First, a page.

Extended Audio Sample And Then Theres This: How Stories Live and Die in Viral Culture, by Bill Wasik
3 out of 53 out of 53 out of 53 out of 53 out of 5 3.00 (154 ratings) (rate this audio book) Author: Bill Wasik Narrator: Bill Wasik Publisher: Penguin Audiobooks Format: Abridged Audiobook Delivery: Instant Download Audio Length: Release Date:

And Then There's This is Bill Wasik's journey along the unexplored frontier of our churning and rambunctious viral culture. Covering this world - watching new bands promote themselves at South by Southwest; reporting on a website contest while secretly entering it; and creating a site that aggregates all blog smears against the presidential primary candidates - he ends up conducting six experiments himself. He doesn't always get the results he expected, but along the way he meets a cast of characters who are capable of getting their information into our brains - and they're not who you think.

And Then There's This reveals how our culture is now created from the ground up. Wasik proves that any one of us can cause a small ripple that can turn into a tsunami. Anyone involved in journalism, business, or information technology - and those who want to be - must read this book. And for the rest, Wasik's tour is great, eye-opening fun. Download and start listening now!


  • 1 out of 51 out of 51 out of 51 out of 51 out of 5 Review by Heather Denkmire | 2/17/2014

    " I can't stand giving up on books, but sometimes it doesn't feel like a struggle. I read a review of this somewhere that suggested maybe the problem with the book is the subject matter (elusive, fast moving, insubstantial) not the book itself. In any case, I had to mark this "read" to get it off my "to read" or "currently reading" list but have marked it "given up," also. Meh. It felt too much like a waste of time. There's probably irony in here somewhere but I'm not sure where to find it. "

  • 4 out of 54 out of 54 out of 54 out of 54 out of 5 Review by Patrick | 2/6/2014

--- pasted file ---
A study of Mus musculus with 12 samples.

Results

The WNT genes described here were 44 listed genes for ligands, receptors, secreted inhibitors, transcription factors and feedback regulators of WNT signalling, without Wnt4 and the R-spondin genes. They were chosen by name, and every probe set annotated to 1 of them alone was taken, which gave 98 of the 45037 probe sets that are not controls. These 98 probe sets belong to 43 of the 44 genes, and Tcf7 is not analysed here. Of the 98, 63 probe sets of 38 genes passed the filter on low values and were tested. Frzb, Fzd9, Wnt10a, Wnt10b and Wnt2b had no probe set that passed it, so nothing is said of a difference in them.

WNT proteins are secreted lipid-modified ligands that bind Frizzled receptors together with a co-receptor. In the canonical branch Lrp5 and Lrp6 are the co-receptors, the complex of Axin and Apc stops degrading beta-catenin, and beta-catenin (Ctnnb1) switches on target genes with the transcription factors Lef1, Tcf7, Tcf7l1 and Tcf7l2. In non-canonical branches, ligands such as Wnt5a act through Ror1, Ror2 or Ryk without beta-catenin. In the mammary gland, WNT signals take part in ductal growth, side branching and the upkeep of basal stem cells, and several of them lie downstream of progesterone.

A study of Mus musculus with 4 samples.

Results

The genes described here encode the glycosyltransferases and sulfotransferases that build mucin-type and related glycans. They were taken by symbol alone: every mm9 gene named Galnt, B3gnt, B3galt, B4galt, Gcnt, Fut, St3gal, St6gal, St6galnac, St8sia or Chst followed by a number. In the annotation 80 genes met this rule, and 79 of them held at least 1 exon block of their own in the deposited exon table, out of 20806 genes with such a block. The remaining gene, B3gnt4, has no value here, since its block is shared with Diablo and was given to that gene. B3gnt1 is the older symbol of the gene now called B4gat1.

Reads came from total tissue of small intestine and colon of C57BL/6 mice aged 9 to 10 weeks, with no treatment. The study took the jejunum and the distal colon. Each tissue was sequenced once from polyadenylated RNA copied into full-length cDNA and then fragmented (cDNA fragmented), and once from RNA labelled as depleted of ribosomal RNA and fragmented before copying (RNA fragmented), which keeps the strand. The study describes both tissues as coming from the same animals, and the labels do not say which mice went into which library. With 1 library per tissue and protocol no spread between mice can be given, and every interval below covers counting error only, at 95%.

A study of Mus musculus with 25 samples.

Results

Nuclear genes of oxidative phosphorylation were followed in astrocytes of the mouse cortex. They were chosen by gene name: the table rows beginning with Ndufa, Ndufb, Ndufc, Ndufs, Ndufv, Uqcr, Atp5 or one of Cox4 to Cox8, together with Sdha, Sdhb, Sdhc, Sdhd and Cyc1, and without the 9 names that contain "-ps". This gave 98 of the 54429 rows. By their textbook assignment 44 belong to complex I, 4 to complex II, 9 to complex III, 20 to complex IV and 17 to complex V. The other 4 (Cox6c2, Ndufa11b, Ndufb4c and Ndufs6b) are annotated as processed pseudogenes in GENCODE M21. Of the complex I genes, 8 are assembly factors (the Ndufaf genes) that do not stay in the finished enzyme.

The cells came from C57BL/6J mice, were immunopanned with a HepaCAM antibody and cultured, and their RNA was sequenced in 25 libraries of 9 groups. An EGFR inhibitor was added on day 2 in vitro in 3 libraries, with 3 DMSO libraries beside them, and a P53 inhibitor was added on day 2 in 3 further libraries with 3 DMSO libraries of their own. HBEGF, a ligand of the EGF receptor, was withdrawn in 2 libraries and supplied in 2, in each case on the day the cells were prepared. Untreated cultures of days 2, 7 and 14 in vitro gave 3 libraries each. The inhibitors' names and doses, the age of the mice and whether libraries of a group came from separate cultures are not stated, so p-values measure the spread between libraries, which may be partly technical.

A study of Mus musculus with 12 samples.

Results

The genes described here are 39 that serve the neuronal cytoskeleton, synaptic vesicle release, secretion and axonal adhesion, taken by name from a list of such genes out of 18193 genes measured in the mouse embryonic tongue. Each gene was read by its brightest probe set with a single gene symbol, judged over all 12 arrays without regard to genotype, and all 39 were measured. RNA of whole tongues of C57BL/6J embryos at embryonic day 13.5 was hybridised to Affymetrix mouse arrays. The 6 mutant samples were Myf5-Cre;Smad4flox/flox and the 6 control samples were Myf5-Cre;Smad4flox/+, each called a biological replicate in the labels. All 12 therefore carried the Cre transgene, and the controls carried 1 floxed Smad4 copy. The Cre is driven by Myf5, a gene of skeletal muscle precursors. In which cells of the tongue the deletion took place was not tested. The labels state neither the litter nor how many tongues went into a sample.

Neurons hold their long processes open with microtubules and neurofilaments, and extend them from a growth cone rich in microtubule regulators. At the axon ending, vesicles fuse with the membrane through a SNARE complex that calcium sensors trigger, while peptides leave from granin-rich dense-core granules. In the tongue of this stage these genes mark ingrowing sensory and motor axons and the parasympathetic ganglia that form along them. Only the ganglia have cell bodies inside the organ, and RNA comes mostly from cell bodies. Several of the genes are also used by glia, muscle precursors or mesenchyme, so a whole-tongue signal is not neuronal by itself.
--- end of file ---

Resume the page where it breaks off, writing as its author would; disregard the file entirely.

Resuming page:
" Ten years ago I read Neil Postman's Amusing Ourselves to Death, and it forever changed how I watch (or rather, now, don't watch) television. Bill Wasik's And Then There's This, while not as groundbreaking for me as Postman's book, nonetheless is an insightful follow-up for those now living in the age of the internet (Postman wrote in 1985). Wasik shows how the internet encourages us to trivialize ourselves to death, and provides a fairly interesting account of how that occurs. The book could have been better, but I appreciate anything that spurs me on to think more carefully about any major aspect of my life. "

  • 3 out of 53 out of 53 out of 53 out of 53 out of 5 Review by Ihancock | 1/2/2014

    " As I read this book I often had moments of reflection, interest, confusion, skepticism; in fact, I felt pulled in many different directions. This is, I guess, to be expected when the book describes itself as part memoir, part field report, part manifesto, and part deconstruction of a decade. I found the book initially to get into for this very reason. However, as the book went on, either I became more acclimatized to the editing and writing style or the book became clearer at defending its thesis. I am not sure that I agreed with the authors assertion that the rise of memes coincides with the rise of boredom and or the increasing "multitasking" brain. I more think that it is a symptom of a society that has learned that it can have a voice and that sometimes this voice gives rise to someone that others want to seek out and connect with. This used to be the realm of professionals but more than ever it is amateurs who seek each other out and confer this status on each other. This is more than boredom. It is people who want to bask in popularity; want to go for that moment of fame which is altogether more possible in the internet world. However, there were many moments I did agree with including the rapid rise and fall of stories or websites as people find the "next big thing" then move on as the site becomes crowded and no longer new. I think one of the challenges for storymakers and website developers (and one that I think Facebook is facing right now) is how to not only keep things new but also how to keep the initial flood of people who signed on at the beginning and excitedly "helped" the website or story gain importance/mature. I myself know this feeling as someone who has excitedly been involved in a website ad it began and am now feeling like my contributions are being lost as the site grows in users. Selfish? Maybe but when new web 2.0 sites look to initial users and connect with them as a way to grow their site some thought has to be placed onthis concept I think. I also agreed with the author about the need to reach out beyond what we feel agrees with our opinions. The Internet has made this far to easy but it will be a challenge to overcome for precisely the reasons given by the author. All in all, a good book; interesting anecdotes, difficult to get into to start with but easier if you stay with it. As with most of these books I also would not purchase it. Will it stay relevant as time goes? Maybe, maybe not. "

  • 3 out of 53 out of 53 out of 53 out of 53 out of 5 Review by Jordan | 12/30/2013

    " Nicely written, and really interesting. "

Author Bill Wasik

Bill Wasik is a senior editor at Wired magazine and was previously a senior editor at Harper’s, where he wrote on culture, media, and politics. He is the editor of the anthology Submersion Journalism and has also written for the Oxford American, Slate, Salon, and McSweeney’s.